Just as predictably, Western observers condemned the election as unfair, while neighboring countries--notably South Africa--endorsed the result.
Opposition supporters might want to have a word with the South Africans, but they probably want to spek to their leader, Morgan Tsvangirai, first.
To be fair to Tsvangirai, he was convicted of treason after the last election and sentenced to death. Even though the sentence wasn't carried out, you can see why he'd be a bit hesitant to call for an uprising against the government.
The inaction was particularly frustrating for a group of 257 women, many of them elderly, others with young babies on their backs, who were arrested Thursday night at a prayer vigil for change in central Harare.
Many, who belong to Women of Zimbabwe Arise (WOZA, which means "come forward" in Shona), were badly beaten by police before being hauled off to jail. As they came out of the station, many bound for hospital, at noon yesterday, they were skeptical of Mr. Tsvangirai's oblique demand that they defend their vote.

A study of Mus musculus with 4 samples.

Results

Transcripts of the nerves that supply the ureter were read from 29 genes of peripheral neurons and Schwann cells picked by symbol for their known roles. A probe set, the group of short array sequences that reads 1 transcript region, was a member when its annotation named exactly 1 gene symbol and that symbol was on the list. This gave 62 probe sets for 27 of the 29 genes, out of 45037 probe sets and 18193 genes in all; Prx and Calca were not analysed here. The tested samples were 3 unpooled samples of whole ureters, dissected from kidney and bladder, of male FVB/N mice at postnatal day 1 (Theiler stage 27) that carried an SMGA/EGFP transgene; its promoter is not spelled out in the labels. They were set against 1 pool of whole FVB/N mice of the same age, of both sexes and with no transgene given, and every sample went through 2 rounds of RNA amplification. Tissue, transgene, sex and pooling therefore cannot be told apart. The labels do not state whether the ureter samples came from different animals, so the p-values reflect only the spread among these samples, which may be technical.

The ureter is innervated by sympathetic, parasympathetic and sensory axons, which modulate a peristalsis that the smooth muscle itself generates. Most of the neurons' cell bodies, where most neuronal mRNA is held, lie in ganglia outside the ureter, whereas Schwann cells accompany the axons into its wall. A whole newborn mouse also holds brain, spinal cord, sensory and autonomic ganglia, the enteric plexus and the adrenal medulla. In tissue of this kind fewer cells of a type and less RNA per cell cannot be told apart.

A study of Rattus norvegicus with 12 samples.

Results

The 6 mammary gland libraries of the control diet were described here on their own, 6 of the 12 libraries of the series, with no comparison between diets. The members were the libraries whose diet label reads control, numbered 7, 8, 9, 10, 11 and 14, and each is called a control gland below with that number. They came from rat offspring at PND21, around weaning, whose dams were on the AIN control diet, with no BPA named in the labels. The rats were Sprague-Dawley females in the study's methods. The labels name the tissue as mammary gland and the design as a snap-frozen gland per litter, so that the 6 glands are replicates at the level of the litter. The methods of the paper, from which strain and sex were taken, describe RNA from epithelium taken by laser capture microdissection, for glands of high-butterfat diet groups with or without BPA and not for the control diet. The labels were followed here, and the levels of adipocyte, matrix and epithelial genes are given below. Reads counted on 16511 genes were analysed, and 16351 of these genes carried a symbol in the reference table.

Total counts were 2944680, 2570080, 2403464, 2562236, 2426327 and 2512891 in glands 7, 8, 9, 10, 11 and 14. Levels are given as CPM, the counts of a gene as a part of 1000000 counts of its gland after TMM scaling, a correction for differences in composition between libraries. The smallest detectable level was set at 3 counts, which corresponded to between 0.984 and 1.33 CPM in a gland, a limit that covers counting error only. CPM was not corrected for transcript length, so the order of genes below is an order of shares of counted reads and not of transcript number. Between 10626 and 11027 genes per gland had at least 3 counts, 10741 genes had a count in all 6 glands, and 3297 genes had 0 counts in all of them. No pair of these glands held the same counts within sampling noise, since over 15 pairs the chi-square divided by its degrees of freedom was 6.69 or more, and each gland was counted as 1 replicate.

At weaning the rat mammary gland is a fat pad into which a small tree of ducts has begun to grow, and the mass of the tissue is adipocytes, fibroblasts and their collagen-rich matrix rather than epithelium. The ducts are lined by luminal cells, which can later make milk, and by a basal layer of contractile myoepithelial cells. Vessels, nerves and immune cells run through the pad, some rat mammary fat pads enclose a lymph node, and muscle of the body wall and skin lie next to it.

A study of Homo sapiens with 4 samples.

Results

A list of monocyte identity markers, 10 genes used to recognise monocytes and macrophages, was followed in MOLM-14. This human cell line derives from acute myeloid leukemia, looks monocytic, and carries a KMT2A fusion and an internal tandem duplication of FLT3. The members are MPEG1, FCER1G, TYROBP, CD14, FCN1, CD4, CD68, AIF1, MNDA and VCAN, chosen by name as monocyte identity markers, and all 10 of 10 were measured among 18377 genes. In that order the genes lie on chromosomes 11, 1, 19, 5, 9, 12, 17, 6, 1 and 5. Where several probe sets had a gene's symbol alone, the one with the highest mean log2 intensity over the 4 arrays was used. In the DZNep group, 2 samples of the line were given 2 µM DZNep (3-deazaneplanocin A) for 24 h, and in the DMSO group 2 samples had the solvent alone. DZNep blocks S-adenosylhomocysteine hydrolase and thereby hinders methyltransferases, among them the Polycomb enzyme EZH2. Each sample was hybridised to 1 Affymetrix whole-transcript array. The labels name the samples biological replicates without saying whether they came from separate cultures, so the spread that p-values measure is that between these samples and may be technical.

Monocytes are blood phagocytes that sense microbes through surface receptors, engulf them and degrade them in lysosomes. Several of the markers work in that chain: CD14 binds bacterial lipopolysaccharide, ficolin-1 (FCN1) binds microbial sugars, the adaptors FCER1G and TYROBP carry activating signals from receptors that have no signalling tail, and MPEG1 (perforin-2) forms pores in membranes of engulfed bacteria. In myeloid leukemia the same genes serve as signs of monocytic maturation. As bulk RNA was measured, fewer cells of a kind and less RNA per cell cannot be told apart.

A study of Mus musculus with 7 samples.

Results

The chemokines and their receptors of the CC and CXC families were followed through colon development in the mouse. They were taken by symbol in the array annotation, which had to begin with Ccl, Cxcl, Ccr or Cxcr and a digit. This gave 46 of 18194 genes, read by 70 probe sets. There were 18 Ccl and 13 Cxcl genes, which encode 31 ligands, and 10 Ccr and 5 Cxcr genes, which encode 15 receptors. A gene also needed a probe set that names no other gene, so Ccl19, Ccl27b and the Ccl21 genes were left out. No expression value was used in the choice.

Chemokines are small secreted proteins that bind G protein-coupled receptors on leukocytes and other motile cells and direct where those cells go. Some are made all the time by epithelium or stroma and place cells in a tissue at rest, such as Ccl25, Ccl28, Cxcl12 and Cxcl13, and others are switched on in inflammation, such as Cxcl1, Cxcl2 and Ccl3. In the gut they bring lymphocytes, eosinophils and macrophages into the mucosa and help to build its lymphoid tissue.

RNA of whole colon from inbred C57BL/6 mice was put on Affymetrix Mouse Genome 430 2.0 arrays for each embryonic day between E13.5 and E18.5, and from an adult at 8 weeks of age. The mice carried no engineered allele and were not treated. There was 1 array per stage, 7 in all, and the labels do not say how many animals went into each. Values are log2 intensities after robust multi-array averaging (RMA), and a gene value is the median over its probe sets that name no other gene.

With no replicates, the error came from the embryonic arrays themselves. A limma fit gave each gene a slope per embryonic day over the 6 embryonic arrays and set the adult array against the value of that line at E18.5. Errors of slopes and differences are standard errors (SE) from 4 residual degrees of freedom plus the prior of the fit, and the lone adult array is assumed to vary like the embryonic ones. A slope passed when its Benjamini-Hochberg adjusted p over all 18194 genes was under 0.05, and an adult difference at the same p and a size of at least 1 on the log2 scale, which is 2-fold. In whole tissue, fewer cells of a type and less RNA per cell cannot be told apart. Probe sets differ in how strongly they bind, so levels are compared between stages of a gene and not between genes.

"If Morgan really means it, can he please do something, set a good example and we'll follow it," said national co-ordinator Jenni Williams. "I'm sorry to criticize him now, but I just spent my birthday morning in custody doing what I think he should be doing. We in WOZA campaigned for women to go and vote, and then to defend their vote, and to do that you have to do something."
Mr. Tsvangirai said the opposition had a plan, although he refused to say what it was.